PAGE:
Reviewed by: BD Editors

A budgie sits in its owner's hand, eating seeds.
A Budgie
Kingdom Animalia
Phylum Chordata
Class Aves
Order Psittaciformes
Family Psittaculdiae
Genus Melopsittacus
Species Melopsittacus undulatus
Niche Seed-eating Tree Dweller
Length Around 7 in (18 cm)
Weight Just over 1 oz (30-40 g)
Lifespan Typically around 8 years, though some have reached 20 years
Social Structure Flocks
Conservation Status Least Concern
Preferred Habitat Open scrubland, woodlands, grasslands
Average Clutch Size 4-8 eggs
Main Prey Species Grass seeds, nuts, seeds, corn, grains
Predators Predatory birds, reptiles, mammals

The Basics

The budgie (short for budgerigar) is a species of parrot native to Australia. The budgie is extremely intelligent and can learn to mimic human speech. In the wild, the species is incredibly social – forming flocks of hundreds of birds that feed and migrate together. In American English, the budgie is sometimes called the shell parakeet.

Budgies have adapted to some of the harshes parts of Australia that commonly experience drought and severe heat. As such, budgie flocks are constantly on the move. Aboriginal Australians used the birds for centuries as a way to navigate the harsh terrain and find new sources of food and water.

A male and female budgie share affections on a branch.
A pair of affectionate budgies

To tell the difference between males and females, you need to look at the cere – the small area surrounding the nostrils on the top of the beak. In males, this area will be a royal blue color, whereas female ceres are typically white or brown. While this shows a bit a sexual dimorphism, these birds are much less sexually dimorphic than many bird species – in which the males are very colorful and the females are dully colored and camouflaged.

Though budgies are native to Australia, they are now common pets across much of the world. Compared to cockatiels, budgies are much smarter and do not have a crest of feathers on top of their heads. Budgies are easy to keep as pets, have the ability to form social bonds with their owners, and can even mimic human speech!

Interesting Insights from the Budgie!

Many people keep budgies as pets because of their pleasant attitude and ability to mimic human speech. However, most people don’t know about the amazing biological concepts that make budgies such an incredible species!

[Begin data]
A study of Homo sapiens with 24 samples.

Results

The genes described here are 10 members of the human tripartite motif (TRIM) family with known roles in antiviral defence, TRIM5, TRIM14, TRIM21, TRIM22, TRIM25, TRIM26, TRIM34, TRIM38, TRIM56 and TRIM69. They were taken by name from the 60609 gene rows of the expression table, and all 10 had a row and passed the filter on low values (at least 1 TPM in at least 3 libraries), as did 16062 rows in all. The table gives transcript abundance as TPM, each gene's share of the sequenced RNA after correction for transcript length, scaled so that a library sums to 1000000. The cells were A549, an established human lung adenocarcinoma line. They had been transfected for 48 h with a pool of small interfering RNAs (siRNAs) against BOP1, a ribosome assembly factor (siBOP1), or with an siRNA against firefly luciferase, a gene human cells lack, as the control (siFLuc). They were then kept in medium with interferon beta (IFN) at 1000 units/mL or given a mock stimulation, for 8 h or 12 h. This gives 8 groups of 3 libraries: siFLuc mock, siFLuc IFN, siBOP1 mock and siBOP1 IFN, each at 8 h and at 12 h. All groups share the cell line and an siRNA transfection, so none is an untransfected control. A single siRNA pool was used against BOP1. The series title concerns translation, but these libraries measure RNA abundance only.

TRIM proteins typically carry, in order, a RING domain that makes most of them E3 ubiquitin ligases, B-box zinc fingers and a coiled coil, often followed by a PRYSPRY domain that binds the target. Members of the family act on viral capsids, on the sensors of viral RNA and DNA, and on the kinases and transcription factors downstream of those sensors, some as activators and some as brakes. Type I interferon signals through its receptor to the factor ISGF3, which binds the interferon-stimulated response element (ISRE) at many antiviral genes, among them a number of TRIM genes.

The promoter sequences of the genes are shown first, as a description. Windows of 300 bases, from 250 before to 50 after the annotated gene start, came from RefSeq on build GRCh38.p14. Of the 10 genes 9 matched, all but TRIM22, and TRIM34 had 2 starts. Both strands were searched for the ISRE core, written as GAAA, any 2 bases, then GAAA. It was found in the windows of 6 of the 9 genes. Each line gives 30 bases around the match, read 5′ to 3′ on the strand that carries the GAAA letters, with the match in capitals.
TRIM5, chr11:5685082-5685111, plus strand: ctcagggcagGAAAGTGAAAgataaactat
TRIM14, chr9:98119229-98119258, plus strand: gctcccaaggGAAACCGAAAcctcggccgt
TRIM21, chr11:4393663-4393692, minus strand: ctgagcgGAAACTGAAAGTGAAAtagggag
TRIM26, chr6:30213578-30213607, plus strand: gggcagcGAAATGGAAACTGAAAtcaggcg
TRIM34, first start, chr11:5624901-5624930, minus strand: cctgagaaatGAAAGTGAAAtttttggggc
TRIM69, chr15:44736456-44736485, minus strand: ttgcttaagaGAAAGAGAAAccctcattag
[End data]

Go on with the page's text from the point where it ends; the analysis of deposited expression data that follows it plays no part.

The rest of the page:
Color Mutations

In the wild, budgies mainly show the green and yellow coloration seen in the images above. These colors are likely a product of complex selective forces ranging from sexual selection to predator evasion. While the striped pattern around the eyes is retained in many captive budgies, artificial selection has yielded many more color varieties.

Artifical selection has create many different color varieties within the captive budgie population.
Budgies come in many color varieties

These color variations – including blues, white, and combinations of all these colors – can be selected for in a captive population through the process of intentionally breeding different varieties. Unlike natural selection, artificial selection is not based on adaptability. Rather, it is based on the preferences of the breeder.

While these birds would likely not survive long in the wild due to the consistent forces selecting against them, they easily thrive in captivity. Thus, all the color varieties seen above (and many more!) can be found in pet stores around the world.

Vocal Mimicry

Budgies are among the most social species of birds that have been studied. Like parrots and other highly social birds, budgies use a complex array of vocalizations to communicate with their peers in the wild. In captivity, this behavior actually helps budgies adapt to the human social structure.

The most famous budgies (commonly found on YouTube) can repeat a variety of complex phrases. Owners have taught their budgies to mimic human speech ranging from simple words to complex phrases. Most often, this is accomplished through positive reinforcement. Owners talk to their birds, and when the birds try to respond they are rewarded with a treat. With lots of practice and treats, budgies can learn to repeat almost any phrase you want.

Social Structure

Part of the reason budgies adapt well to captivity is that they live in complex societies in nature. Large flocks of budgies have immensely complex social relationships. Not only do the birds show affection for one another, but they communicate to move the flock to new resources.

In a captive situation, this natural behavior helps budgies bond with their owners. Like other birds, budgies will imprint onto the first organism they see after hatching. If this is a human, budgies will be extremely close to the human that raises them. Even flocks of budgies in captivity can see their owner as “part of the flock” – and will not be alarmed or scared because of human presence.

That being said, budgies can also suffer depression if you leave them alone for too long. Because they are such social creatures, they suffer greatly when they are alone. In the wild, being alone would be the equivalent of a death sentence for a budgie. So, it is best to keep more than 1 budgie at a time so that your bird does not get lonely while you are away at work.

A female budgie showing off the intricate patterns around her eye.
Budgies have intricate patterns

Cite This Article

Biologydictionary.net Editors. "Budgie." Biology Dictionary, Biologydictionary.net, 16 Jul. 2020, https://biologydictionary.net/budgie/.
Biologydictionary.net Editors. (2020, July 16). Budgie. Retrieved from https://biologydictionary.net/budgie/
Biologydictionary.net Editors. "Budgie." Biology Dictionary. Biologydictionary.net, July 16, 2020. https://biologydictionary.net/budgie/.